Sir John Oldcastle (born about 1378 - died 1417) was a popular figure, a friend to Prince Henry (later Henry V) and a valuable leader in Henry IV's campaigns against the Welsh. Oldcastle is presumed to be the model for Shakespeare's Falstaff. It would seem that Oldcastle had all the makings of a long career at court.
But Oldcastle was a firm follower of the teachings of John Wycliffe, and his beliefs brought him into conflict with his king. In 1413 Oldcastle was accused of heresy for his Lollard convictions. He was brought to trial under the influence of Archbishop Arundel, but he refused to recant his beliefs. He was sentenced to death as a heretic, but the sentence was stayed by Henry V, who must have hoped he could convince his friend to recant. Oldcastle was imprisoned in the Tower of London, but he escaped, possibly with the aide of the king. But Oldcastle turned against his friend and began plotting to overthrow the monarchy, seize or kill the king and his brothers, and introduce sweeping religious and social reforms according to his Lollard beliefs.
Unfortunately, Oldcastle's Revolt (1414) was poorly organized, and it lacked any real support from influential nobles who might have been tempted to the Lollard cause. The plan was that a small number of men would enter Eltham Palace in disguise and seize the king. At the same time a second force of men would take London. A gathering of conspirators was set for St Giles Fields, in London. However, the number of men who assembled proved disappointingly small; somewhere between three hundred and one thousand in number.
The night before the attempt on the king was to take place a group of Lollards were arrested in a London inn. The plot was laid bare, but Oldcastle rather foolishly went ahead with his plans. Lacking influential backers, Oldcastle and his supporters were easily defeated by the king's men, Oldcastle himself escaped, and though pardoned, he remained in hiding for the next several years. Finally, in 1417 he was captured again, and this time there was to be no escape. Henry V was fighting in France, and unable - even had he been willing - to come to his friend's aid this time. Oldcastle was sentenced to death as a heretic and executed by being burned alive over a slow fire.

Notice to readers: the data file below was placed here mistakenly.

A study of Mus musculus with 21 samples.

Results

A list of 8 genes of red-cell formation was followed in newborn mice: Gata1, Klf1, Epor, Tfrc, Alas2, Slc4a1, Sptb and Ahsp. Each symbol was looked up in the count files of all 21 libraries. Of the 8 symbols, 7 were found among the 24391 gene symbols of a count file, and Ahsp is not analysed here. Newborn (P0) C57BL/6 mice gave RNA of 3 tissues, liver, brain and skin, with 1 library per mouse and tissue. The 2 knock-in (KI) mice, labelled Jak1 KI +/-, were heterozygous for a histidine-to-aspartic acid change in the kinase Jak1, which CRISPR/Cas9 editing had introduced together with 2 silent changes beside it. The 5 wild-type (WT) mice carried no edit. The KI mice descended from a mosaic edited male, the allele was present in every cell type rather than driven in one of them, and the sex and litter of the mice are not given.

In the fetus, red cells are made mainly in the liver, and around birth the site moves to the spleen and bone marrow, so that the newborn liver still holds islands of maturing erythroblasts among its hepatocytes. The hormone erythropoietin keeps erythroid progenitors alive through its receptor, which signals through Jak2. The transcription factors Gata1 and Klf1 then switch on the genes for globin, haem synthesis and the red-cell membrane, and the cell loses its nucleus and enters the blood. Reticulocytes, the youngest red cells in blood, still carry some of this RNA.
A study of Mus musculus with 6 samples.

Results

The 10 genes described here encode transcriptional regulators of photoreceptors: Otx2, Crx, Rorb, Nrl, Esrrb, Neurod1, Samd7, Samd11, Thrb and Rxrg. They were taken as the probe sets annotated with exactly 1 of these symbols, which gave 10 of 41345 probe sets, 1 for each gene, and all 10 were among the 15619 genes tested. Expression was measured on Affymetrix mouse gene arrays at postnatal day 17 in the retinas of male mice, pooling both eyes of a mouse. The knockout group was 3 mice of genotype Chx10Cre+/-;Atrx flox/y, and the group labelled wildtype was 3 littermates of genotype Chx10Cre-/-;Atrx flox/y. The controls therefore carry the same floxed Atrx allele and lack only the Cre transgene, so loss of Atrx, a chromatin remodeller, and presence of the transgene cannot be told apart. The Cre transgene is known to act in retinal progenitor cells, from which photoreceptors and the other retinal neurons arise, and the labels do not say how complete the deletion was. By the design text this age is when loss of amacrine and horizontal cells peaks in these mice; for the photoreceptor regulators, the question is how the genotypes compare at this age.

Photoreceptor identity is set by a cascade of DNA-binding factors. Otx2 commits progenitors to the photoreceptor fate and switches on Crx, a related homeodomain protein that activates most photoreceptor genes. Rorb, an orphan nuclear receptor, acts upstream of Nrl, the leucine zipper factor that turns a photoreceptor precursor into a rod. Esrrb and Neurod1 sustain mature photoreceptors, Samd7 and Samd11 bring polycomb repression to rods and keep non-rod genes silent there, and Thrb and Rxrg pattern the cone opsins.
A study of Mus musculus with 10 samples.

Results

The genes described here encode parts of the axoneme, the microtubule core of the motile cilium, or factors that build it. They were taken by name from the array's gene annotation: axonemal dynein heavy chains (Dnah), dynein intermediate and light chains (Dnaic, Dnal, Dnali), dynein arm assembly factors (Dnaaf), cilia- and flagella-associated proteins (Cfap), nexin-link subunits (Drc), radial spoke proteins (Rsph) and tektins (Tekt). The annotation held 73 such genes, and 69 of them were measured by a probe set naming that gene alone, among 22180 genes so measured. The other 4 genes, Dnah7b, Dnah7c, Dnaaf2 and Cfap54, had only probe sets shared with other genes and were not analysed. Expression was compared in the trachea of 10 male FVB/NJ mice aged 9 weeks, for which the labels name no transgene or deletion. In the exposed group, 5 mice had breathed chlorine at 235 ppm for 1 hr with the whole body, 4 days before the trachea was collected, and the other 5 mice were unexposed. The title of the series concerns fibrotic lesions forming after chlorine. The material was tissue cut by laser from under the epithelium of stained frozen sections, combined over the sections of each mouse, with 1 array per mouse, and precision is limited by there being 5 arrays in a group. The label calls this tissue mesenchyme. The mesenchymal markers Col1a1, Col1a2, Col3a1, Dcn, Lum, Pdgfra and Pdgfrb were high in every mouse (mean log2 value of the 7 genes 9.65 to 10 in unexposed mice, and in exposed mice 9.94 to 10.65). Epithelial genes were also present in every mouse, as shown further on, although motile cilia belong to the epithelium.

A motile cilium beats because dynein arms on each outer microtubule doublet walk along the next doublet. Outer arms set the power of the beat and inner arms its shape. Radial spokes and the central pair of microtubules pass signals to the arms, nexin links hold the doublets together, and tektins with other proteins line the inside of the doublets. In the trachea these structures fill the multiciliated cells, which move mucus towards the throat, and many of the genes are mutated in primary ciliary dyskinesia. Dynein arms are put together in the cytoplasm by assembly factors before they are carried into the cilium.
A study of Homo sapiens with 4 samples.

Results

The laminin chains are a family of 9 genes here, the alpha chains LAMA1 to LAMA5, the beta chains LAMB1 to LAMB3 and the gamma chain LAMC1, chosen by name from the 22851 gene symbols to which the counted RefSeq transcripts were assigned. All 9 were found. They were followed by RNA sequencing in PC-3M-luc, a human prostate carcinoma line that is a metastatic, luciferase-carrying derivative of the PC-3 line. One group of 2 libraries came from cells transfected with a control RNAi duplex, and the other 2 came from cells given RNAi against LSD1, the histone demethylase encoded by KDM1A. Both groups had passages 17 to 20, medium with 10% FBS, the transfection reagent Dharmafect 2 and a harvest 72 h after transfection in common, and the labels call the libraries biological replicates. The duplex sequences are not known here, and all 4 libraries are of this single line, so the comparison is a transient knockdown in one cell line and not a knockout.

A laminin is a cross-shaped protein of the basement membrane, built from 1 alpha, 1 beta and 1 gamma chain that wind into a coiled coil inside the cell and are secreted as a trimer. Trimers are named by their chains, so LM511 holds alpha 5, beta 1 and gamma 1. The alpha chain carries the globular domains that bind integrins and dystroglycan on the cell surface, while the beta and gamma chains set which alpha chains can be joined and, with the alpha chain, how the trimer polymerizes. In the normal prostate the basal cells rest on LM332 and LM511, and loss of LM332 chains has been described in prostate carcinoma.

Though it is easy to admire Oldcastle for his staunch adherence to his sincere religious beliefs, the effect of the revolt was the exact opposite of what he would have wanted, and it had the worst possible consequences for Lollardy. Nobles who might have been predisposed to support the general aims of the Lollards became staunch opponents of the movement, which they now saw, not as a religious reform movement, but as an attempt to overthrow the established political order. The upper classes and intellectuals turned away from Lollardy, and the church and lay authorities began to crack down on the movement with great vigour. Lollards were suppressed and their numbers dwindled until the movement became little more than an historical footnote.
Note: One historian has claimed that Oldcastle was not involved in the revolt that bears his name, or at least only a peripheral figure. Paul Strohm, in his 1999 book England's Empty Throne: Usurpation and the Language of Legitimation, 1399-1422 argues that the Lancastrian monarchy desperately needed to legitimise itself - after all, Henry IV's claim to the crown rested more on his murder of Richard II than on any dynastic legitimacy. Therefore, the rebellion caused the nobility to close ranks and throw their support behind the monarchy, and against the perceived threat to their own interests posed by Lollardy. The suggestion, then, is that the Lancastrians intentionally allowed, or even connived at creating, a rebellion which they knew they could easily suppress.